You’re making something–paintings, art dolls, quilts, jewelry, sculptures–and you’re looking pretty good. Your family and friends have started urging you to show your work. Galleries, they say. Magazines! Books! You’re maybe not really sure you’re ready, but you would like some feedback from someone not so biased in your favor. What can you do?
The very first, Most Important #1 Thing you need to do, before you do anything else is: learn to take good photographs of your work. Don’t panic: this doesn’t mean you need an expensive camera or fancy lighting or a class in Taking Good Photographs. What it means is that yes, you need a camera. You can get a perfectly acceptable digital camera for less than $200–sometimes quite a bit less. Checking this morning on amazon.com, I see Canon Powershot cameras, 12.1 megapixels, in “like new” condition starting at $80. I have a 10 mp Powershot, and it’s all I need for taking good, clean photographs of, well, almost everything. Never mind all the fancy photo blogs that tout new SLR cameras and an impressive collection of expensive lenses. Sure, my husband has several fancier cameras, and while I’m not nearly as good at taking photos as he is, my little camera can take shots that are just as clear. It’s really more about the photographer than it is the camera. And, with patience and practice, you can become a pretty decent photographer of your work. I took both of these photos myself, out on the front porch with my little point-and-shoot, when I was in a hurry. They’re not bad. Think of how much better your photos with be with a little practice.
The three most important parts of taking good photographs of what you create? Good light, a clean background, and a steady hand. Set up your work where it will be lighted by natural light, if possible, but not hit directly by the sun. Think a room with lots of windows or a shady porch. If that’s not possible, try to set it up in a room where you have several sources of light–overhead, a couple of lamps. You don’t want glare or shadows, so play around. Move lamps, tilt shades, use dimmers or reflected light. Take lots of different shots of one piece of work, moving it from room to room and from the table to the mantle to the window sill, and then compare those photographs. That’s the beauty of digital photgraphy: you can take hundreds and hundreds of shots, look at them on your computer, and discard the ones that don’t work, all without any expense. Long gone are the days when you’d have to take film to be developed and then wait to see if you were going to have to start over and re-shoot the whole lot from scratch.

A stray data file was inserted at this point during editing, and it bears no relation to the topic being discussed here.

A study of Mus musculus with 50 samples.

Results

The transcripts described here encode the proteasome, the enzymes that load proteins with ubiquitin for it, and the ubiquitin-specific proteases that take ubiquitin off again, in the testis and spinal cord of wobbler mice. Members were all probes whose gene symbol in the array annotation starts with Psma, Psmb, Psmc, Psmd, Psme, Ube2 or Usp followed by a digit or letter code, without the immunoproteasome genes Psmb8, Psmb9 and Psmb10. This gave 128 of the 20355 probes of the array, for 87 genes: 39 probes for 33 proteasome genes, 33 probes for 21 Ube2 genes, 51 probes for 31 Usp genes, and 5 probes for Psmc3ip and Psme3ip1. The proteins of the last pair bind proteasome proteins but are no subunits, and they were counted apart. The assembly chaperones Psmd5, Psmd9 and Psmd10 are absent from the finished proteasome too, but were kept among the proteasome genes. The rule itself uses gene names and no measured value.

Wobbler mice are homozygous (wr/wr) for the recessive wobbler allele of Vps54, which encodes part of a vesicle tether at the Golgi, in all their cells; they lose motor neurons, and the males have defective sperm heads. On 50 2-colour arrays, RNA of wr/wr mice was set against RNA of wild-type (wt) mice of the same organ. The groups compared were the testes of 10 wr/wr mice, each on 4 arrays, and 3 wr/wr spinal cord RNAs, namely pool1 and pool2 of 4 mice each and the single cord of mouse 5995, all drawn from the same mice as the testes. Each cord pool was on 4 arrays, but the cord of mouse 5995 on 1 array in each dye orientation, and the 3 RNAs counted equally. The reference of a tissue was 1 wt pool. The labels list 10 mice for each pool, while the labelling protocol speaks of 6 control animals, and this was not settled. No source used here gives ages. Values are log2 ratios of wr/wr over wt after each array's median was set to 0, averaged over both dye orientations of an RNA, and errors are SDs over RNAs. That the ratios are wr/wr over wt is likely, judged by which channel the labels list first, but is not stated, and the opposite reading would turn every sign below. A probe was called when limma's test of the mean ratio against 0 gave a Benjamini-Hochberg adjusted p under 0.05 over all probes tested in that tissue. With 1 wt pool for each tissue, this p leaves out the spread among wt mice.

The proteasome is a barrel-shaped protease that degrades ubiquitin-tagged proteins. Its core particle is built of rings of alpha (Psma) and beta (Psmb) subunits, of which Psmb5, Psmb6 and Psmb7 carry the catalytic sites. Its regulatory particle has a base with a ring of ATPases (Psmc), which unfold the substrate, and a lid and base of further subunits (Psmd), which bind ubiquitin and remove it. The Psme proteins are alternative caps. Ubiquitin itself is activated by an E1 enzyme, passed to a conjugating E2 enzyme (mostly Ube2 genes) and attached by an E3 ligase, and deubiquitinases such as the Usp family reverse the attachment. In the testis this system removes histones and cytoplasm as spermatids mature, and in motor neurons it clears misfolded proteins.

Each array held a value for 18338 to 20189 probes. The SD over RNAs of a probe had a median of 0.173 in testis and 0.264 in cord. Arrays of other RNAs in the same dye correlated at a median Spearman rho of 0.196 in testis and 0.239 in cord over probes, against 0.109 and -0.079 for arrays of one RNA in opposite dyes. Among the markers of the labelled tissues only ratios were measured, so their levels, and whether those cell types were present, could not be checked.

Clean, uncluttered backgrounds can be as easy as some posterboard or a solid-colored sheet. If you’re comfortable with things like setting the depth of field on your camera, you can use that to blur out the background, but it’s not necessary. Draping a sheet or piece of solid-colored fabric over a stack of boxes or books can work just fine. Experiment. Go to artists’ websites and look at how they present their work. Notice what’s effective and what you’d do differently.
A steady hand. Some cameras have image stabilization, and some don’t. Some of us have steady hands, and some of us never will. Fortunately, you can get a simple, lightweight tripod for around $20 (this morning there are mini-tripods on amazon.com for $.01 plus shipping. Yeah, that’s right: a penny. With shipping, that’s around $5.
And this isn’t even about image adjustment once you’ve taken the photos. With a simple image adjustment program, you can fine-tune your images, although you don’t want to do too much with them–resist the urge to make them neon or sepia, please. And if you’ve got Photoshop? Well. You don’t need to be listening to me telling you about photographs–get in there and experiment!
Set aside a couple hours one weekend when the light’s great and you’re not in a hurry. Start with your most recent work, the pieces you’re still excited about and that you’d like to show people. Photograph them in a variety of positions from a variety of angles. Look at the shots, then take some more. Repeat until you figure out a method that’s simple, quick, and will produce consistent results. If you know that all you need to do is set up your tripod behind the rocking chair on the front porch and prop your canvas against the white wall opposite and take a couple of photographs between 2 and 4 pm when the light is really good there, it will encourage you to take photographs of all your work because you won’t have to reinvent the wheel every time. Set aside several days to photograph your work, stopping when you get tired or the light’s not quite right. Keep a file of photographs and a list of work that still needs to be shot, and then get into the habit of taking photographs of a piece as soon as you finish or, if that isn’t feasible, on a specific day once a month, when you can photograph everything you’ve done since the last session.
Next time we’ll talk about what to do next in Getting Your Stuff Out There.